Hampshire & Isle of Wight

Cdr Norman Holbrook's WW1 bravery commemorated

Ceremony for Cdr Norman Holbrook Image copyright Nicky Wilson
Image caption Four generations of the Holbrook family gathered to remember his bravery during World War One

A World War One hero "largely lost to history" is being celebrated 100 years on from his daring raid at sea.

Cdr Norman Holbrook received the Victoria Cross (VC) after diving his submarine under mines to torpedo a battleship in the Dardanelles.

More than 100 members of his family gathered at events in Southsea and Gosport to commemorate his heroism.

Great-great-niece Samantha Axtell called it a "unique opportunity" to remember his "bravery and derring-do".

Members of the family, including his 92-year-old niece Elizabeth Holbrook, attended an unveiling of a memorial in Southsea, where he was born.

'Fraught with dangers'

Holbrook was a 26-year-old lieutenant when he received the VC, the highest military award for valour "in the face of the enemy".

His citation said it was for "most conspicuous bravery... when in command of the Submarine B-11, he entered the Dardanelles, and, notwithstanding the very difficult current, dived his vessel under five rows of mines and torpedoed the Turkish battleship Messudiyeh.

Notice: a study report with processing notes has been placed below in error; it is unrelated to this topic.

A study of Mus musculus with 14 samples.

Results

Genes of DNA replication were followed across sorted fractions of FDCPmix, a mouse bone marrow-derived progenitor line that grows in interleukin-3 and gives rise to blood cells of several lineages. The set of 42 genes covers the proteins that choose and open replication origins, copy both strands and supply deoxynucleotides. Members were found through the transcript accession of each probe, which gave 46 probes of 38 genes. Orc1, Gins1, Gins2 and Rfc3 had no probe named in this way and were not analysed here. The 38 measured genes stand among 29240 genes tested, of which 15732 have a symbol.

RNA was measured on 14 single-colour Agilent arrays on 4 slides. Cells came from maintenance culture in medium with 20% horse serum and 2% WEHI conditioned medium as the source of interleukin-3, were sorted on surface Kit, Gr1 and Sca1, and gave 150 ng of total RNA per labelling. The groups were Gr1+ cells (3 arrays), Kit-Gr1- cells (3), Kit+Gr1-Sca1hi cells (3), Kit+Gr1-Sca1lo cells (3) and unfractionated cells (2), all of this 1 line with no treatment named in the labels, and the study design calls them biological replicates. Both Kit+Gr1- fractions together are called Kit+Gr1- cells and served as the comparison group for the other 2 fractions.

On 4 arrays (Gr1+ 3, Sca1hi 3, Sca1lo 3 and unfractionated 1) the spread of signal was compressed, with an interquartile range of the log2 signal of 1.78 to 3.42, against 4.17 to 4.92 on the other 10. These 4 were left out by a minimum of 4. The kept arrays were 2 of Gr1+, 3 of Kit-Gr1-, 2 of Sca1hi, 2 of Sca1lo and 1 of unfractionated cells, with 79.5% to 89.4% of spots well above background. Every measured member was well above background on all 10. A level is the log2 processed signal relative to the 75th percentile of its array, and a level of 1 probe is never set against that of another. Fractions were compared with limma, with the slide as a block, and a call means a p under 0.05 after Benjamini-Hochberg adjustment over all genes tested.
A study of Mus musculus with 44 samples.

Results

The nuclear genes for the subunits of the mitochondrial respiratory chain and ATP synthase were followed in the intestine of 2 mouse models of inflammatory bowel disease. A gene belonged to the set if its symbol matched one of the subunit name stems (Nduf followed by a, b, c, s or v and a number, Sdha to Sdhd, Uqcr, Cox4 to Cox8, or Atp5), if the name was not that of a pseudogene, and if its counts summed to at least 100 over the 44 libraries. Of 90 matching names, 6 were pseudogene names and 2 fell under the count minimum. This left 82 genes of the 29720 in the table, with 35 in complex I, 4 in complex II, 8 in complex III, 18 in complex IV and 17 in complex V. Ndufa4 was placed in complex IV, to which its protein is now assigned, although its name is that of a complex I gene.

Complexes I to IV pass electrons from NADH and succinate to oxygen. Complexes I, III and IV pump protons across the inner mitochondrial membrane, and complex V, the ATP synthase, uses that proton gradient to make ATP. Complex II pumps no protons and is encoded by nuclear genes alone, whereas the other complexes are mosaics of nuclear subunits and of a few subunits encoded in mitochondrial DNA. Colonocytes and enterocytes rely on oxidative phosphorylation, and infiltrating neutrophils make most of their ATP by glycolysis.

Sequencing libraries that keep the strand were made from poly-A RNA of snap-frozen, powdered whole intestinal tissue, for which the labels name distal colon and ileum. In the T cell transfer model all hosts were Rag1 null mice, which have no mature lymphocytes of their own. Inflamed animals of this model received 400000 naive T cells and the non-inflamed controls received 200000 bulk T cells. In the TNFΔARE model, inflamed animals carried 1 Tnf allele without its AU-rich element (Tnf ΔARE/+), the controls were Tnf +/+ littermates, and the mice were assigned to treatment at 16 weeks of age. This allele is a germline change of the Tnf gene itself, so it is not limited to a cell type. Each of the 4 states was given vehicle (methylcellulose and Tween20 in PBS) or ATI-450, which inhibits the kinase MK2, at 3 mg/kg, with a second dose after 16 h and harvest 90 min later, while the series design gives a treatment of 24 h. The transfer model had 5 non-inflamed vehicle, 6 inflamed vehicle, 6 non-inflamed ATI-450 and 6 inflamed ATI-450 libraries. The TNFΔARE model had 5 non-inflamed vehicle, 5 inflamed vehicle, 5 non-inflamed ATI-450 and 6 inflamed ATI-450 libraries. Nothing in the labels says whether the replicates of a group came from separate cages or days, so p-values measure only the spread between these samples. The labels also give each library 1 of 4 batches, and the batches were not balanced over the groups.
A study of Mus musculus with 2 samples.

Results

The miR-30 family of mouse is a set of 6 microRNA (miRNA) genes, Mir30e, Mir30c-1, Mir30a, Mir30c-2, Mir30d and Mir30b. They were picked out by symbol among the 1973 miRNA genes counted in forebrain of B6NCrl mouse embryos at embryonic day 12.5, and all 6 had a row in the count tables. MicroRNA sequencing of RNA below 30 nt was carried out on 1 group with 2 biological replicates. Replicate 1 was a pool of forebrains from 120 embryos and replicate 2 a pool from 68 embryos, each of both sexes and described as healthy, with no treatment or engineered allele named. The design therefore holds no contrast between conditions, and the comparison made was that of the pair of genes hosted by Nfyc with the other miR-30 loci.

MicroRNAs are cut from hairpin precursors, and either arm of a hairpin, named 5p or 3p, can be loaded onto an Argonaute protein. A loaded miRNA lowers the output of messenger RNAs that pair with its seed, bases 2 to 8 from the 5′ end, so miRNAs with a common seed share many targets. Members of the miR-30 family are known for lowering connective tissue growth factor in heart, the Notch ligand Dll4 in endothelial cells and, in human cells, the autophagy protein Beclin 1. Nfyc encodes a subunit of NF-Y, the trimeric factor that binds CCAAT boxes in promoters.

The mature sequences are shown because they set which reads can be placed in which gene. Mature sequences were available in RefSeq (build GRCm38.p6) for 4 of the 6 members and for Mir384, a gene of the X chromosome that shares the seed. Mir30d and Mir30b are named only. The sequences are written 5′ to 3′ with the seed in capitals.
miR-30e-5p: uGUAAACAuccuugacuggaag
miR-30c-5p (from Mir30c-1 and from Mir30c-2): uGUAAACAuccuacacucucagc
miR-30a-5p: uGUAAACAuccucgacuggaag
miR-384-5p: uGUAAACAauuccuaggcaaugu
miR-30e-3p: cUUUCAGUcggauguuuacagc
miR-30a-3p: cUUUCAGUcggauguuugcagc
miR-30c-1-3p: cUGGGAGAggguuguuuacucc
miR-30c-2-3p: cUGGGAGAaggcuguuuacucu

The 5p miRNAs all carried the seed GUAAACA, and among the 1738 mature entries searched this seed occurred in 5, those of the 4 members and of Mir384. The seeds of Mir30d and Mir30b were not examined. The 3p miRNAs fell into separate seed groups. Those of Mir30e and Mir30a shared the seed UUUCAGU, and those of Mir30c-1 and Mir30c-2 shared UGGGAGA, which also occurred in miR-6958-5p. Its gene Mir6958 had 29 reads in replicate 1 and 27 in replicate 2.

Image copyright PA
Image caption Holbrook received the VC for "most conspicuous bravery"
Image copyright Nicky Wilson
Image caption A commemorative stone was unveiled in Palmerston Road in Southsea, Holbrook's hometown

"Lt Holbrook succeeded in bringing the B-11 safely back, although assailed by gunfire and torpedo boats, having been submerged on one occasion for nine hours."

At the time the Navy was attempting to force a way through the narrow straits of the Dardanelles and open a supply route into the Black Sea.

Great-great-niece, Elizabeth Mooney, said the trip was "fraught with dangers, unexpected errors and malfunctions".

"The submarine, which had a broken compass... had to surface on occasion, leaving it open to attack," she said. "At one point, the boat had to grate along the bottom of the channel while going full speed."

Professor Dominic Tweddle, director-general of the National Museum of the Royal Navy, called it an "incredible story of bravery".

"In the face of real danger they refused to give in... we are very proud to be able to share this with his family."

The incident featured on cigarette card memorabilia, and a town in Australia changed its name to Holbrook in his honour.

Ms Axtell added: "We are thrilled to come together as a family to mark the 100th anniversary - to the day - of Cdr Holbrook's tremendous achievement.

"Cdr Holbrook was an ordinary man who - except in Australia - has been largely lost to history. The event today... puts that omission straight."

Donna Jones, leader of Portsmouth City Council, described him as a "true local hero".